401(k) Pension Litigation Draws Wins and Losses
By Mark Johnson, Ph.D., J.D.
Lawsuits over 401(k) fees have increased since 2016, according to recent news reports. As a result of the claims alleged in these ERISA litigation matters,severalretirement industry practices have come under scrutiny and criticism.
While the use of company stock to fund retirement plans has prompted many lawsuits over the past several years, newer filings often target financial services companies (or their parent company) with allegations that the plan sponsor profited through the use of their own investments or service offerings.
Excessive fees also remain a central focus in some ERISA lawsuits. In the June filing of Alana Schmitt vs. Nationwide Life Insurance Co. (Case: 2:17-cv-00558-ALM-CMV) filed in the U.S. District Court for the Southern District of Ohio, the plaintiff alleges that Nationwide’s Retirement Flexible Advantage Retirement Plans Program promotes an annual asset fee of one percent but charges smaller plans higher participant-based fees. The suit seeks class action status.
“Stock drop” cases alleging breach of fiduciary duty based either on the selection of poor investments or a decline in the price of a company stock are another form of ERISA 401(k) fiduciary litigation. Walt Disney Company and FMC Corporation were both targeted for investing in Sequoia Fund, which held stock in Valeant Pharmaceuticals. The drug company’s stock dropped more than 80% in 2016 after its pricing strategy drew public ire.
The U.S. Supreme Court outlined the requirements for assessing breach of fiduciary duty allegations for stock drop claims in a 2014 ruling onFifth Third Bancorp v. Dudenhoeffer. The District Court in the underlying matter noted that allegations of a stock drop are insufficient to state a claim under ERISA.
According to research by the Washington firm Groom Law Group, over the past decade plaintiffs’ firms have initiated nearly 100 lawsuits alleging excessive fees in 401(k)-style retirement plans against employers and other parties. Twenty-five 401(k) lawsuits were filed last year alone, setting a new annual record.
More than a decade ago 401(k) fee lawsuits generally claimed retirement plans using retail mutual funds owed a duty to use their large size to bargain for less expensive institutional share classes. The allegations in recent 401(k) lawsuits are more targeted and fact-based, now that a number of cases alleging less specific charges have been dismissed by the courts.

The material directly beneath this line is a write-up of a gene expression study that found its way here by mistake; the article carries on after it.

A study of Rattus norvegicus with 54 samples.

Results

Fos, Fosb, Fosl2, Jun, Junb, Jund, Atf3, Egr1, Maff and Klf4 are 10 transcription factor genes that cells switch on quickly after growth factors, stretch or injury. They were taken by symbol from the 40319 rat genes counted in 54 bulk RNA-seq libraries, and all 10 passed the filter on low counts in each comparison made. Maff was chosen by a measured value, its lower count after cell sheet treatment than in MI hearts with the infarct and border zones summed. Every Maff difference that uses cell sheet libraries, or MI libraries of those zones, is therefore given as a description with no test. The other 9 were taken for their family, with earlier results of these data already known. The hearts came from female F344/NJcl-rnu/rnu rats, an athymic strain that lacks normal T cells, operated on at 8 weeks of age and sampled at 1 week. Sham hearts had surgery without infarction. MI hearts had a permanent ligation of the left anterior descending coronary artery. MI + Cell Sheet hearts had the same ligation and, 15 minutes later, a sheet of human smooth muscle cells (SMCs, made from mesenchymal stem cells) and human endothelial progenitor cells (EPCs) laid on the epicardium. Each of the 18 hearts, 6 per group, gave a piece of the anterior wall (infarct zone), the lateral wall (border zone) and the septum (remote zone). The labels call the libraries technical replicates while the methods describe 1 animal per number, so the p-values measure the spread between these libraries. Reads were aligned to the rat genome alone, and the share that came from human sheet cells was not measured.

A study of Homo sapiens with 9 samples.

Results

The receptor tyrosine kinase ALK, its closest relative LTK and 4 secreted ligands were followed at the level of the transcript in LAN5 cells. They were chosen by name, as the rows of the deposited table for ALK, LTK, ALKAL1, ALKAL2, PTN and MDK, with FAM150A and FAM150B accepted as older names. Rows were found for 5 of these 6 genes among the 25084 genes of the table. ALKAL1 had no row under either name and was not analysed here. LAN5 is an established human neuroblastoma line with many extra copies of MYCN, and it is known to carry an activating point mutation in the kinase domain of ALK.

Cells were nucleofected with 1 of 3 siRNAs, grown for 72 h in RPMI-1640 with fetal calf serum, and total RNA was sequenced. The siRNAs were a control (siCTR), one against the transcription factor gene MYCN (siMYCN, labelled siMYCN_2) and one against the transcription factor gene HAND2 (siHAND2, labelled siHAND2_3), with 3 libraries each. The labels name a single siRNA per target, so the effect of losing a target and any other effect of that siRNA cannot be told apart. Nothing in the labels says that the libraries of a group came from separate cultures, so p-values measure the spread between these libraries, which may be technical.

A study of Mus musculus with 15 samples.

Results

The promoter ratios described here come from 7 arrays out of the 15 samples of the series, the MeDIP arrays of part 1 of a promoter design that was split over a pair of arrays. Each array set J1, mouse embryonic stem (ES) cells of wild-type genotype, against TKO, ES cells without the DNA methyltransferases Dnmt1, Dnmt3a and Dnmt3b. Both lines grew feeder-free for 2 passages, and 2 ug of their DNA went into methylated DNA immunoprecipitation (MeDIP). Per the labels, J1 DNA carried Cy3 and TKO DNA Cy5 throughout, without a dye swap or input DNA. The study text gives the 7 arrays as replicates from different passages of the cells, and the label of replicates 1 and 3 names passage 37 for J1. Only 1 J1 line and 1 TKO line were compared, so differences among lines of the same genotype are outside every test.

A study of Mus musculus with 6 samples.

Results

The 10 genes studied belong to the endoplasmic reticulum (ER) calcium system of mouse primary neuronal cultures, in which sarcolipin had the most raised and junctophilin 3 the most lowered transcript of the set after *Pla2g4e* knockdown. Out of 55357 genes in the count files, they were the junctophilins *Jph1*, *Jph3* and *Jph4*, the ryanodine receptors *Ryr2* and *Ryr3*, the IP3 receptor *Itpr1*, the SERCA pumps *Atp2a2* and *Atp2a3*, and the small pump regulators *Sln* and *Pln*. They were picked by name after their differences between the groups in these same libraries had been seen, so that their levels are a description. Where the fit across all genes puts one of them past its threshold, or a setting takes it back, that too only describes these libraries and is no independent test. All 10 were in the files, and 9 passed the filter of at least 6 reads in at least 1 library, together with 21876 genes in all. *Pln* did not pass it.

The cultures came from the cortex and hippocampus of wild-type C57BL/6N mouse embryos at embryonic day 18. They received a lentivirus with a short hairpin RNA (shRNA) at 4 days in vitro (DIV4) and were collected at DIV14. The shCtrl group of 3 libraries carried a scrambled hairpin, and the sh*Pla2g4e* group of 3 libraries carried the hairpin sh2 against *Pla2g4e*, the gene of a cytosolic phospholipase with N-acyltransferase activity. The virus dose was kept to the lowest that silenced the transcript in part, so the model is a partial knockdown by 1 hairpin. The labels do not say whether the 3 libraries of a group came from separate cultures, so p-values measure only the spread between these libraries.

Recent Court Rulings in ERISA 401(k) Litigation
American Airlines and American Beacon reached a $22 million class action settlement in July over allegations that the plan sponsor benefited by offering its own mutual funds rather than lower priced alternatives.
In 2015, the U.S. Supreme Court sided with the plaintiffs in the case Tibble v. Edison (No. 13–550).The petitioners alleged that the plan sponsor breached their fiduciary duty and “acted imprudently by offering six higher priced retail-class mutual funds as Plan investments when materially identical lower priced institutional-class mutual funds were available.”
In a 401(k) lawsuit against Putnam Investments, a Massachusetts U.S. District Court judge dismissed the lawsuit after trial in April, 2017. While the court found the plan to be lacking, it held that the plaintiff failed to show how Putnam put its own interests ahead of its plan participants.
The Putnam case dismissal follows the same result of a similar case against Wells Fargo. The plaintiffs alleged a breach of fiduciary duty because Wells Fargo used its own target-date funds instead of less expensive alternatives available from the Vanguard Group and Fidelity Investments. The Minnesota District Court judge questioned plaintiffs’ efforts to compare fees and performance of proprietary funds. The plaintiffs in both the Putnam and Wells Fargo cases intend to appeal.
Fiduciary Rule Postponed
The Department of Labor (“DOL”) recently proposed a delay in compliance with the “fiduciary rule,” according to a filing with the U.S. District Court for the District of Minnesota. The current compliance date is January 1, 2018, but would be pushed back 18 months to July 1, 2019.
By way of background, in April 2016 the DOL issued a rule (commonly known as the “fiduciary rule”) intended to ensure that retirement advisers put their client’s financial interests first.
A central element of the DOL’s proposed rule is that it would classify more financial advisers as fiduciaries. The range of activities that would be considered to be “investment advice” is expanded under the rule, and could include selling mutual funds, variable and indexed annuities, or variable life products in connection with IRA or an employee benefit plan governed by ERISA.
The new DOL request also seeks fewer restrictions on transactions classified as prohibited under the pending rule, including some insurance products and IRA roll-overs.
ABOUT THE AUTHOR: Mark Johnson, J.D., Ph.D. Mark Johnson, Ph.D., J.D., is a highly experienced ERISA expert. As a former ERISA Plan Managing Director and plan fiduciary for a Fortune 500 company, Dr. Johnson has practical knowledge of plan documents as well as an in-depth understanding of ERISA obligations. He works as an expert consultant and witness on 401(k), ESOP and pension fiduciary liability; retiree medical benefit coverage; third party administrator disputes; individual benefit claims; pension benefits in bankruptcy; long term disability benefits; and cash conversion balances.
ERISA Benefits Consulting, Inc. by Mark Johnson provides benefit consulting and advisory services and does not engage in the practice of law.